What You Need to Know About Performing Authenticated Network Security Scans

Are you scanning your network hosts for security vulnerabilities while logged in as a user? If not, you should be. Authenticated testing can add a lot of value to your overall security assessment results. You’ll find a lot more missing patches, weak share permissions, and general misconfigurations. Authenticated scans provide the true picture of where things really stand.

The reality is that criminal hackers and malware often have authenticated access into network hosts so why shouldn’t you be testing in the same context? If someone else is able to peruse your systems and exploit flaws as a logged-on user then you need to be doing the same.

Although authenticated scans will paint the most reliable picture of your network host security, before you start testing with authentication, there are a few things you need to know. Here’s what I’ve learned over the years:

  1. Authenticated scans will give you give you a ton of information – sometimes too much. This can be a problem, especially if others reading your report(s) are not very technical. A lot of “Level 5” or “Critical” flaws can make internal auditors, management, and others outside of IT really nervous if they don’t fully understand what they’re looking at. You have to be prepared to set their expectations that it’s (likely) not as bad as things appear on the surface.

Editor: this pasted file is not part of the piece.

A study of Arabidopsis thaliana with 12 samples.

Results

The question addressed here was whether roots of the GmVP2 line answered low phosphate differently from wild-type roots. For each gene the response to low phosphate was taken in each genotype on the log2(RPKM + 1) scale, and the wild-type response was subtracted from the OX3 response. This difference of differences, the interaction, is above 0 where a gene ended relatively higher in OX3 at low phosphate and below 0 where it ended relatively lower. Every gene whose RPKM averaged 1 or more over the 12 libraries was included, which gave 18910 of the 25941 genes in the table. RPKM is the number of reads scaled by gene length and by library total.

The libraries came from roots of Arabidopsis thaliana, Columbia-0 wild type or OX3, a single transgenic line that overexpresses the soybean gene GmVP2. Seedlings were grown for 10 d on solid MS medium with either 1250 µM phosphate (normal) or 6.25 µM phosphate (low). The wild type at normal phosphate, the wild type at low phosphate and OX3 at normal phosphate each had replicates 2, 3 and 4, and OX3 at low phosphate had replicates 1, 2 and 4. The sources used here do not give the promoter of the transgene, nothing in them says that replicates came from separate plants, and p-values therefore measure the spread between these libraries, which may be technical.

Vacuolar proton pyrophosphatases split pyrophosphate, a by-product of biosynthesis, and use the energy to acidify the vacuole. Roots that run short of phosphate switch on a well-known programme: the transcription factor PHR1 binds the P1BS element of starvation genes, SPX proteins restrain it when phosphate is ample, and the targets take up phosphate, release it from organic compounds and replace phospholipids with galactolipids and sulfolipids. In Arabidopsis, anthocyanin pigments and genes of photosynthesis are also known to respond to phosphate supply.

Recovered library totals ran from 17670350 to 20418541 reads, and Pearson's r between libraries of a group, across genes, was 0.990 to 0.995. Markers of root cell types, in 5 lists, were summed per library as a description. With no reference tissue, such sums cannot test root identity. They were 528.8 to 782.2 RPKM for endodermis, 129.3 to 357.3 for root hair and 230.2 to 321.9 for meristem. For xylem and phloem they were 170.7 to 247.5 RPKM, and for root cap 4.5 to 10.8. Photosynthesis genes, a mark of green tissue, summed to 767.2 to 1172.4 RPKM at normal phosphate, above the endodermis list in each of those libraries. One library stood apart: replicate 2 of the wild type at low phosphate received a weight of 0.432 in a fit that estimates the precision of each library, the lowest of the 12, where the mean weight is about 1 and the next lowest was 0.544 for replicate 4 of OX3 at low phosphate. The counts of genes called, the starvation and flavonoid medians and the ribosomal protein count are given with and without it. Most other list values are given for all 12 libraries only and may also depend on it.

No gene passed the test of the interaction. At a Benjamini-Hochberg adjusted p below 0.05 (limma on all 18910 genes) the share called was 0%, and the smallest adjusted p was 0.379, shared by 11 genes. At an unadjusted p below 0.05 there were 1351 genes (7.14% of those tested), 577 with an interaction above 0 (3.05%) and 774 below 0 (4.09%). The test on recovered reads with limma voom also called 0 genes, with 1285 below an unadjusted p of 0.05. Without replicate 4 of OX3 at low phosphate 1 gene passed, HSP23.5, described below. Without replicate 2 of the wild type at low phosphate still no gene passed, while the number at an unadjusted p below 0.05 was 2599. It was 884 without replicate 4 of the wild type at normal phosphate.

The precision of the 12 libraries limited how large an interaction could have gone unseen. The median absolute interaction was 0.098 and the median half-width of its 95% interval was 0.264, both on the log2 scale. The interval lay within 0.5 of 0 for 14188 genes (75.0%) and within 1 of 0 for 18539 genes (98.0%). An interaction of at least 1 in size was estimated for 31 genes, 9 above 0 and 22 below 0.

1. Authenticated scans can create trouble on the local hosts you’re testing. It’s rare, however, general vulnerability scans can lock user accounts, fill up log files, and leave other remnants on the system. These scans are not as invasive as web vulnerability scans but this is something you need to be prepared for.
  1. You’re going to need more time – a lot more time – to run authenticated scans. I’ve found that vulnerability scans with authentication typically take two to three times longer. If you have several hundred, or even thousands of, network hosts, this can lengthen your testing time significantly. You’ll also need more time for analyzing your scanner results and reporting – especially if you’re writing a separate formal report.
  1. Scanning using multiple user role levels is ideal (i.e. using standard domain user with limited privileges and a local or domain administrator). At a minimum, I recommend scanning at the highest privilege level possible. Scanning as an administrator or equivalent will give you the most visibility into your security vulnerabilities.
  1. All things considered, you really don’t have to run authenticated scans every time. It’s also good to know how things look from an outsider’s perspective (i.e. without authentication). I’ve found that running these scans every other time – or at least once per year – works well.

The most important thing of all is actually running authenticated scans. For whatever reason, many people skip them, but this is something that you cannot afford to do.